Middle Managers, Remote Workers Targeted for Job Cuts by Companies Nationwide

08 Feb, 2024 Chriss Swaney


Sarasota, FL (WorkersCompensation.com) -- The workplace carnage continues as companies streamline bottom lines by dumping middle managers and remote workers at a rapid pace in 2024, according to research from Live Data Technologies.

In just the past few weeks, Alphabet, Amazon, Citigroup, Ebay, Microsoft, Sports Illustrated, Snapchat, Estee Lauder and Wayfair have  all announced job cuts.  Even United Parcel Service said it plans to cut 12,000 jobs.

“Companies often target middle managers for cuts. They often streamline,” said Karen Litzinger of Litzinger Career Consulting in Pittsburgh, Pa.  “Middle managers are getting squeezed from both sides; angry employees and  impatient executives anxious for more profits,’’ added Litzinger.

At the same time, the current round of layoffs has highlighted the vulnerabilities of remote workers. Some reports have indicated that employers would target remote workers at a time when many companies are trying to bring staff back.

“Being remote makes it easier to let you go,’’ said Litzinger.  “You don’t have that day-to-day interaction. It is easier on a human level to let someone go. It’s easier to utilize that as a rationale for layoffs,’’ said Litzinger.

The growing list of high-profile job cuts is adding a jolt of uncertainty to the white-collar world where fears of a recession and displacement by generative artificial intelligence have become standard water cooler discussion, according to Robert Strauss, a political  economist at Carnegie Mellon University’s Heinz College.  “The growing crackdown on remote work is also creating anxiety,’’ Strauss added.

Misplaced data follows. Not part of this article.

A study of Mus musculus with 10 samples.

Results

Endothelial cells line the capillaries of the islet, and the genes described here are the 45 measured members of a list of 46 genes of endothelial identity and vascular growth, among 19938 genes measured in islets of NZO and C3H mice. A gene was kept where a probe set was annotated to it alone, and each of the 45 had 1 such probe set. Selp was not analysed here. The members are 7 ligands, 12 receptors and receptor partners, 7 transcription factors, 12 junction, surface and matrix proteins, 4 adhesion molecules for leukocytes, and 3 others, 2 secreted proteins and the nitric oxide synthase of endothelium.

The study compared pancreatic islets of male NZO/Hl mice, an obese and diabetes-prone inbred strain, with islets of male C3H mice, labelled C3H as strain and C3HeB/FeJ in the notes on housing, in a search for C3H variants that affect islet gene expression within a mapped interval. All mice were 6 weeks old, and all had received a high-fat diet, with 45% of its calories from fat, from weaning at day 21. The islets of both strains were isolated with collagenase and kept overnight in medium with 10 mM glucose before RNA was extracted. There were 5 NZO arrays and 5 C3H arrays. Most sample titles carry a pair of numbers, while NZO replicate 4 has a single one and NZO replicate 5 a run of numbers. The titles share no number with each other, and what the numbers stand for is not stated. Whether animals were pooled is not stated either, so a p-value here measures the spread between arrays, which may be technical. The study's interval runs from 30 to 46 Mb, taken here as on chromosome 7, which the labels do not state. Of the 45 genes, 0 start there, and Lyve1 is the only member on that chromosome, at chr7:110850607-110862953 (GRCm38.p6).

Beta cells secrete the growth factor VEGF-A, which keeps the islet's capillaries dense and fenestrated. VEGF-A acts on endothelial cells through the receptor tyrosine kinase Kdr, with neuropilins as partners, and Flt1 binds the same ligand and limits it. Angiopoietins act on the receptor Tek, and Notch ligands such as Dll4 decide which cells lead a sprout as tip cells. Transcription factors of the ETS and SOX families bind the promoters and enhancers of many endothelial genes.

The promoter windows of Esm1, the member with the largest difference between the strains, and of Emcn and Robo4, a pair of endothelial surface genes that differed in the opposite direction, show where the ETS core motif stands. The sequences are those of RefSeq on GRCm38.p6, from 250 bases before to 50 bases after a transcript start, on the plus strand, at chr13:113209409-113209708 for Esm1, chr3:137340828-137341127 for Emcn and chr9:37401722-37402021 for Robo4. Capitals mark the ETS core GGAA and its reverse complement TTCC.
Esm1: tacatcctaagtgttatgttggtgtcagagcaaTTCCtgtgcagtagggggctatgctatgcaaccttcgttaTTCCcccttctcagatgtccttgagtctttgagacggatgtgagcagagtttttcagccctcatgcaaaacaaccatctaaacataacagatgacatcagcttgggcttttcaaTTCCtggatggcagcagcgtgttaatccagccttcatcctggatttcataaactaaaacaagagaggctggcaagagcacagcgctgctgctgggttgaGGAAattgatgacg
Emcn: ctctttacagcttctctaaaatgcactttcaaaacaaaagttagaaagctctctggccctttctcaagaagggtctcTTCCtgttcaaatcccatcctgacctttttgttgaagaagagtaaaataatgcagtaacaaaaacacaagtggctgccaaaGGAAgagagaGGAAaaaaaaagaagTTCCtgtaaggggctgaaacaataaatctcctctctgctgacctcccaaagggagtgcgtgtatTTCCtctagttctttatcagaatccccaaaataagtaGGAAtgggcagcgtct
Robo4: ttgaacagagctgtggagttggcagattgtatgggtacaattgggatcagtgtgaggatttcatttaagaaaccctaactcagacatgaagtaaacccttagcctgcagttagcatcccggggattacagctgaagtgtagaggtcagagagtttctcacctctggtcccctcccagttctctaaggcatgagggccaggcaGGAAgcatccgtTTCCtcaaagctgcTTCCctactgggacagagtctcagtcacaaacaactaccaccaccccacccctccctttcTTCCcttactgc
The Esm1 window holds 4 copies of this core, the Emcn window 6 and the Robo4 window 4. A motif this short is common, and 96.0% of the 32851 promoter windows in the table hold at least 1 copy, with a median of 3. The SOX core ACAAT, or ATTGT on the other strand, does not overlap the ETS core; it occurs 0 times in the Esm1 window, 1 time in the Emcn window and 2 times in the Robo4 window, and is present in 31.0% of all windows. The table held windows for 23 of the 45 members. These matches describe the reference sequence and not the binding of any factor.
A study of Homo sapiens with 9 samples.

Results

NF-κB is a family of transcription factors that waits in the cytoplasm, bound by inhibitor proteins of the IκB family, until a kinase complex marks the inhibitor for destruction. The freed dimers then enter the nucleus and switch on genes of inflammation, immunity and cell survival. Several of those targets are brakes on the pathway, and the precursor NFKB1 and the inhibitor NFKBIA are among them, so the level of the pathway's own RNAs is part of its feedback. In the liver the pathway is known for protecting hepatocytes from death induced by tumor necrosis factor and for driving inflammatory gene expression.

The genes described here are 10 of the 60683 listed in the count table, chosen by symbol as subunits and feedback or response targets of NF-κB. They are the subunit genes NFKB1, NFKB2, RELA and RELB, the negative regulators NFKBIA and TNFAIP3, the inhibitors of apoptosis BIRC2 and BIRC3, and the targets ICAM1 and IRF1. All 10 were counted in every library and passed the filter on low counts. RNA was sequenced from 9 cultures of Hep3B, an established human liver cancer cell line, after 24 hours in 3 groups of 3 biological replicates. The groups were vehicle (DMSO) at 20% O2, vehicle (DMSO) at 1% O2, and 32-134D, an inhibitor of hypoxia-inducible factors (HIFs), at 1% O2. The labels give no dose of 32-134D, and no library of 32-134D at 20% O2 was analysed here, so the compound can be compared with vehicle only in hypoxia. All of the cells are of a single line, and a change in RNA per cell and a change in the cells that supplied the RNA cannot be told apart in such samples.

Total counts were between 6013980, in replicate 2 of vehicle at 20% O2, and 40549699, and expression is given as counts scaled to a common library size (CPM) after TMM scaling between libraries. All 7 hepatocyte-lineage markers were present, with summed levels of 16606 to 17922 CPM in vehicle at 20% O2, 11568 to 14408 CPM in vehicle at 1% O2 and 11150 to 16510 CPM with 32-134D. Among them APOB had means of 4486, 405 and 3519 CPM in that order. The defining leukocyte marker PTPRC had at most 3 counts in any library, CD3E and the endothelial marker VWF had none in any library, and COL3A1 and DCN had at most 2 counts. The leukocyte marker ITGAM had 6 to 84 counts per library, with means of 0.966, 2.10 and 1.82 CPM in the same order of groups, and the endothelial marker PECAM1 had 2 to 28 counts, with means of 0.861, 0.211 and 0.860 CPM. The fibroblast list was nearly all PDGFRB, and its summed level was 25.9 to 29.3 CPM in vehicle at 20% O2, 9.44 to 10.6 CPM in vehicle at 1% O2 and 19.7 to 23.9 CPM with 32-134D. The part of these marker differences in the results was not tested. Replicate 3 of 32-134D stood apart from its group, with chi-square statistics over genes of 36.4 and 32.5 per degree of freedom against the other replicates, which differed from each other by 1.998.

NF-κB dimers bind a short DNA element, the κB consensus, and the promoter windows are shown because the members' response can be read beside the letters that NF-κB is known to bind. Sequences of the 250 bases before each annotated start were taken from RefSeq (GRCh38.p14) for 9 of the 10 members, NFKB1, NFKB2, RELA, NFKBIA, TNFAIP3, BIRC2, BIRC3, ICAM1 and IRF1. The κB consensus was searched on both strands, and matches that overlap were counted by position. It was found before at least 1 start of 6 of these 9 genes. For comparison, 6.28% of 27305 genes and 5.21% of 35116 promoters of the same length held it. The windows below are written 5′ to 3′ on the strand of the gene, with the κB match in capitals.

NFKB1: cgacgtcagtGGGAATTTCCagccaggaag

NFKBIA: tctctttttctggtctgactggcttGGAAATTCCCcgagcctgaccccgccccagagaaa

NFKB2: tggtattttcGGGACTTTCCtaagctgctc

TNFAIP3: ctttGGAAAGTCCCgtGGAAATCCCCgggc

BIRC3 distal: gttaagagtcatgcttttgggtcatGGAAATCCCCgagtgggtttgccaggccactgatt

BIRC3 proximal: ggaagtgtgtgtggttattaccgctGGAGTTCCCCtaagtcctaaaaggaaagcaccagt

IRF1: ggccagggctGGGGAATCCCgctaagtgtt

Strauss further explained that some layoffs appear to be connected to the current business climate in which interest rates are high, but widely expected to fall at some point this year.   “And terrible weather in California right now may also impact how companies hire and operate, as supply chains will be impacted by all the flooding,’’ he said.

 “Firms are also repositioning, reorienting and reorganizing for growth,’’ said Litzinger. 

But  the results from Live Data Technologies also found that remote workers are more likely to quit a job, with 12 percent of remote workers leaving their company and finding a job within two months last year. Only 9 percent of hybrid or in-person workers did the same. 

Still experts report that the more optimistic view of the latest research finds that taking out layers of middle management makes organizations more agile and streamline.

But one problem of all those cuts is the brain drain. “Companies haemorrhage the expertise of middle managers who hold a great deal of institutional knowledge,’’ said Strauss. 

 There are close to 11 million people in the U.S. working in non-executive “middle’’ management roles compared to 238,000 executive leaders, according to the Department of Labor.  By 2025, an estimated 32.6 million Americans will be working remotely or in a hybrid capacity.


    • Chriss Swaney

      Chriss Swaney is a freelance reporter who has written for Antique Trader Magazine, Reuters, The New York Times, U.S. News & World Report, the Burlington Free Press, UPI, The Tribune-Review and the Daily Record.